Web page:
In May 2006, House Bill 3115 was signed into law. Oklahoma joined the ranks of some 30 other States that have passed legislation that created some form of real-time,electronic insurance verification. The new law creates the ability for law enforcement to check the in-force status of an Oklahoma resident’s liability insurance policy, in real time, at the scene of an accident or traffic stop. This law became effective on January 1, 2009. The implementation was delayed due to the fact that the system was only about 60% accurate as of December 2008. In May 2009, the Oklahoma Highway Patrol and five other law enforcement agencies went “live” with the the real-time insurance verification. It is expected that all law enforcement agencies will begin using the data-base as of July 1, 2009, in the State of Oklahoma.
So what does this mean for the drivers of Oklahoma? There are two groups of drivers. Those with valid liability insurance and those without. Gone are the days that someone can walk into an insurance agent’s office, buy a liability auto policy, obtain an insurance verification, not pay the next insurance premium due, or cancel the policy and still have a valid proof of liability insurance that shows coverage that is good for another five months. Law enforcement will be able to enter a tag number and get a report back on the car and the status of the insurance for that car. So, if a premium payment was forgotten, paid late enough for the insurance to lapse, or there wasn’t any liability insurance on the vehicle to begin with, The driver will be fined $211.50, their driver’s license and tag will be suspended, and the car will be subject to being impounded. The car will not be allowed to be moved until a licensed and insured driver can move the vehicle, if none is available, the car will be impounded which will require more money to get the car out of impound. You will also have to pay to reinstate your driving privilege’s at a cost of $300.00. This can only be done by showing proof of valid liability insurance which is the very thing that caused all this mess, expense, and headache to begin with!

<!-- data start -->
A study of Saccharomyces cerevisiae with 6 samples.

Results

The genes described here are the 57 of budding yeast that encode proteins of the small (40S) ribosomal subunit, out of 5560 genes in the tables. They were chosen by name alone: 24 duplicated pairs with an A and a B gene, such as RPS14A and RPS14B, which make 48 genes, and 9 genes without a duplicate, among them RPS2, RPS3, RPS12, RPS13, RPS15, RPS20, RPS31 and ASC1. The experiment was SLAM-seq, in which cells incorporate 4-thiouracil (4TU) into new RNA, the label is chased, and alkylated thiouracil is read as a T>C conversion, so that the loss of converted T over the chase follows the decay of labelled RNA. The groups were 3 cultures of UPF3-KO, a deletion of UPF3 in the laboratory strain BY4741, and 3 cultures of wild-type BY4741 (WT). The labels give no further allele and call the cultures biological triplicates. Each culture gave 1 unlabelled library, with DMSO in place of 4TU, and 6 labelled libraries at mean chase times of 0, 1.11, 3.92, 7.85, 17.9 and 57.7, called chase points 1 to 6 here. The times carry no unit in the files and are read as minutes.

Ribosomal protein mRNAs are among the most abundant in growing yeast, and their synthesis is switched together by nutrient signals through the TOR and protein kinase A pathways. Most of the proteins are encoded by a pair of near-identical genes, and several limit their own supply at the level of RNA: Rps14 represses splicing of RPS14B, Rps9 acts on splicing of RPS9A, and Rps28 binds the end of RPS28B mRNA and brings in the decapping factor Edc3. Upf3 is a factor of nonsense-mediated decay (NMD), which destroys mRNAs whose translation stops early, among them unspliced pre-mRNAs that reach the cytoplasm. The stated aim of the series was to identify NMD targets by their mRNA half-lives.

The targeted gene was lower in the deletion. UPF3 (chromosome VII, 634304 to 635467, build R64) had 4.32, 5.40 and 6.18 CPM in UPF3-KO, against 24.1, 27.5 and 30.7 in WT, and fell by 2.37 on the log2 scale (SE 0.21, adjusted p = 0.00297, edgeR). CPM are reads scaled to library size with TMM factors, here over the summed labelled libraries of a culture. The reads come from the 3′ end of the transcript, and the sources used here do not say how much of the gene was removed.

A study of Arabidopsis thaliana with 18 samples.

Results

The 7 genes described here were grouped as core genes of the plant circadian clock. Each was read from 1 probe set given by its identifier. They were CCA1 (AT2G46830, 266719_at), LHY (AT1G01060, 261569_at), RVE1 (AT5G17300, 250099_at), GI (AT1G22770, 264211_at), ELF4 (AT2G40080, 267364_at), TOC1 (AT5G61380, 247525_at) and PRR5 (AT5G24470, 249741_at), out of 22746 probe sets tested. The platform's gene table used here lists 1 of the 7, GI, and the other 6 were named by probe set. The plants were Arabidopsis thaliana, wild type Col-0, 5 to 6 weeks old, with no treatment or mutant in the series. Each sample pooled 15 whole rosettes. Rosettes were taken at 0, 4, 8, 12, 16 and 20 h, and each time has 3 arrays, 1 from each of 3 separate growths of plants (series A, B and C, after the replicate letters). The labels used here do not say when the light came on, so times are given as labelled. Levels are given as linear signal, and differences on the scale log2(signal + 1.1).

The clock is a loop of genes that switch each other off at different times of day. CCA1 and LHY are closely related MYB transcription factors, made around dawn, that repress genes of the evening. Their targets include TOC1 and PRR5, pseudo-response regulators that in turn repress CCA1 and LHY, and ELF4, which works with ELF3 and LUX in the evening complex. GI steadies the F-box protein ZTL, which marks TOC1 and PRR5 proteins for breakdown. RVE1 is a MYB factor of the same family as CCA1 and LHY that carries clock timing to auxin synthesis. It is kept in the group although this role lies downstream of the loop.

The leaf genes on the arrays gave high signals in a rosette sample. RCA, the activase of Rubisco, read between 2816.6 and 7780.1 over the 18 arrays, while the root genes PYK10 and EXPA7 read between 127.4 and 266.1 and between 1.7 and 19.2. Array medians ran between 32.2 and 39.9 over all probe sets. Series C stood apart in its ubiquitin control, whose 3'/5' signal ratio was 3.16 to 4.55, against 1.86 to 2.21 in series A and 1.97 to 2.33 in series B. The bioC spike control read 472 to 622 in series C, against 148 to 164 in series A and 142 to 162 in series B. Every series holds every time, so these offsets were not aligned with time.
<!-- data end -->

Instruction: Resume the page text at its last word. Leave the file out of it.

Now for some good news for the drivers who maintain liability insurance on their personal auto’s. There is a benefit to you, from this new law. It is said that one in four drivers operating vehicles on the roads, streets, and highways of Oklahoma do not have any liability insurance on their vehicles. This number is verified by the Department of Public Safety. When the Department tested the electronic insurance verification data base, they knew that they had approximately 3.3 million personal autos that are registered with the State of Oklahoma. When they checked the number of personal autos with the data-base, the number of personal autos that showed up as having current, liability coverage was only about 2.6 million. This means that about 700,000 vehicles are driving on the road that do not have the required liability coverage in Oklahoma, today! The good news is that every one of the 30 States that have adopted some form of real-time,electronic insurance verification has seen a reduction of uninsured drivers. For every State that borders Oklahoma, the premium for uninsured motorist coverage is less and in some States, much less, then it is in Oklahoma.
As this law gets fully implemented, in Oklahoma. Hopefully, we will see a lowering of insurance premiums, less financial and emotional hardships taking their toll on Oklahoma drivers. There will be challenges with the new law, but Oklahoma will be a safer State to live and drive in.